Some recent, thoughtful, and often provocative posts on the relations among digital humanities, digital media studies, and the traditional humanities from Ian Bogost, Dave Parry, Cathy Davidson, and Kathleen Fitzpatrick. As is discussed in these posts and the comments following upon them, there are all kinds of potential and actual conflicts among various flavors of digital scholars, which I suppose I would characterize as ranging from those who study digital media of some kind to those who employ digital technologies in their study of objects/practices that are not in themselves digital (e.g. historical literary texts). Among those more deeply embedded in digital media, it is common to find the argument that an engagement with the technology or digital literacy or some similar formulation is the humanities' best chance for continued relevancy (if not just survival) over the next decade. I have made this argument here. In fact, I pinned my career on this supposition nearly 15 years ago, as did many of the scholars now involved in digital media.
Perhaps this is not a fair characterization, but in my encounter with "digital humanities," this nomenclature mostly refers to scholars who are largely carrying out traditional humanistic scholarship and/or studying traditional objects but using digital technologies either in the analysis of those objects or in the dissemination of their research. In my new position at UB, I've been sitting on the steering cmte for our digital humanities initiative and reviewing applications for the grants we offer. And this would be how I would characterize the work I see here. One might be tempted to read this as an argument that digital humanities doesn't represent much of shift in the work being done. And I suppose that in the weakest versions of digital humanities that might be true. But at the same time, there is a more subtle observation to be made, that in taking up these technologies there is an inescapable shift in scholarly work. Maybe it is slow moving, maybe it is not fast enough to "save us," but something is happening.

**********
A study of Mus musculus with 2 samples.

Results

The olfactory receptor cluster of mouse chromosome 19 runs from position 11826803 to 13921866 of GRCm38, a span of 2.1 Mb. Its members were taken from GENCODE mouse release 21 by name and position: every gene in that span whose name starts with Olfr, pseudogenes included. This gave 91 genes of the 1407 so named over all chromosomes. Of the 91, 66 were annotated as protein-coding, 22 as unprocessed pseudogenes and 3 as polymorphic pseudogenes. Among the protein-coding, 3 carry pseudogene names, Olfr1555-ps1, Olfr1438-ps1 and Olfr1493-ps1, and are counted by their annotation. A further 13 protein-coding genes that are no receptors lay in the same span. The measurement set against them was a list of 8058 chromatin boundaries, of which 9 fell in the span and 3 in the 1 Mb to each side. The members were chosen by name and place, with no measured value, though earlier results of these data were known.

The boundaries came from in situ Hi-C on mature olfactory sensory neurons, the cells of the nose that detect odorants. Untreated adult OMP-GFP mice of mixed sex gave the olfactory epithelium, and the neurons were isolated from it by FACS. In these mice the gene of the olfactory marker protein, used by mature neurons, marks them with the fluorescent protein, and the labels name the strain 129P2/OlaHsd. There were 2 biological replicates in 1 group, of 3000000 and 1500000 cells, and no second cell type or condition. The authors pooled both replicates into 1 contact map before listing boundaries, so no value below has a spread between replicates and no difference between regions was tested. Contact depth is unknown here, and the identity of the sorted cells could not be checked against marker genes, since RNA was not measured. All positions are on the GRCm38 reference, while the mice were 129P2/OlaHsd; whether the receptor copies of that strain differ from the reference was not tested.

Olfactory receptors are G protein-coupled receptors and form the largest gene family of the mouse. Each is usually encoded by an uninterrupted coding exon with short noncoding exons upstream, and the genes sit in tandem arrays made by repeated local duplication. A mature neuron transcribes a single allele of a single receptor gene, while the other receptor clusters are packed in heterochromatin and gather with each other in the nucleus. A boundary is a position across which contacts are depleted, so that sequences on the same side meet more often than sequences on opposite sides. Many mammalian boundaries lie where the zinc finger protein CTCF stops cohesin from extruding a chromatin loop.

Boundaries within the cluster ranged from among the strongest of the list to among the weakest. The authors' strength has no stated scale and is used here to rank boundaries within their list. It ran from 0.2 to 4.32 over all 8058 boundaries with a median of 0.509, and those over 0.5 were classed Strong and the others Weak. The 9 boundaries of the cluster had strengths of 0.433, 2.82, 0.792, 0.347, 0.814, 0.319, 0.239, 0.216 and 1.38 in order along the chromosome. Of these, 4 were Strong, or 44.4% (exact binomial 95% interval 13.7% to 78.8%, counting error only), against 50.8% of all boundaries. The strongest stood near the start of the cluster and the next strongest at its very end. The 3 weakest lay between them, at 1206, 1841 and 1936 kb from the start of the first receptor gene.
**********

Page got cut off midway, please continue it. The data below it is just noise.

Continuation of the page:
Meanwhile, there remains a more substantive resistance among the traditional humanities that ranges from those faculty who might oppose colleagues or their institution when they pursue the "digital" to others who simply will not choose to "go digital" themselves.
But that's an old story. In some ways, the will to digital media is a refrain of modernity, to "make it new." And as such, it is perhaps fundamentally at odds with the humanistic ethos of conservation.
The "problem with the humanities" as I see it is only tangentially related to digital media. In this regard, I strongly agree with Ian, when he writes "It's not "the digital" that marks the future of the humanities, it's what things digital point to: a great outdoors. A real world. A world of humans, things, and ideas." I think that in a failed attempt to mimic science through the 20th century we have wound up insular and hyper-specialized, marginal and increasingly irrelevant to others. As highly specialized as scientific research becomes, there remains a general connection to the world through technology. One might be critical of that relationship, but it is undeniably there. The humanities don't have that. That's not to say that we need an instrumental or market-driven relationship with the broader culture, but simply that we need some relationship.
As Richard Florida argues, the strength of the university as cultural-economic machine is not only related to its production of technology, of patents and so on. It is also a function of its ability to attract and nurture "talent" and its capacity to foster "tolerance." The humanities, even the digital humanities, will likely never be a patent-making machine, but we should excel at producing talent and tolerance. In order to do this though, we must connect with the "great outdoors." In this way, I think Dave Parry's contention that "we" should be out here, in social media, on the web, communicating makes sense. We need to reconnect with the rest of the campus (and beyond) to make the humanities relevant again, and the digital as both media and object of study is an obvious means to that end (though not an exclusive one).
More importantly, this shift to reconnect the humanities with the outside will eventually need to recognize that the necessary move into digital media will change the humanities in ways that we don't understand yet. But think of it this way. Humanism has been around since the 14th century. Philosophy and rhetoric go waaaay back. Do we think the printing press changed the humanities? Of course. Did the industrialization of print change the humanities? Of course. We wouldn't have journal articles otherwise. The humanities has always been shaped by media technologies.
So maybe these changes won't take place as quickly as some (like me) would want. Maybe they won't happen quickly enough to prevent the collapse of traditional humanities departments. But in the end, the study of digital media will continue, and I imagine that the study of history, literature, art, and philosophy will continue in some form as well.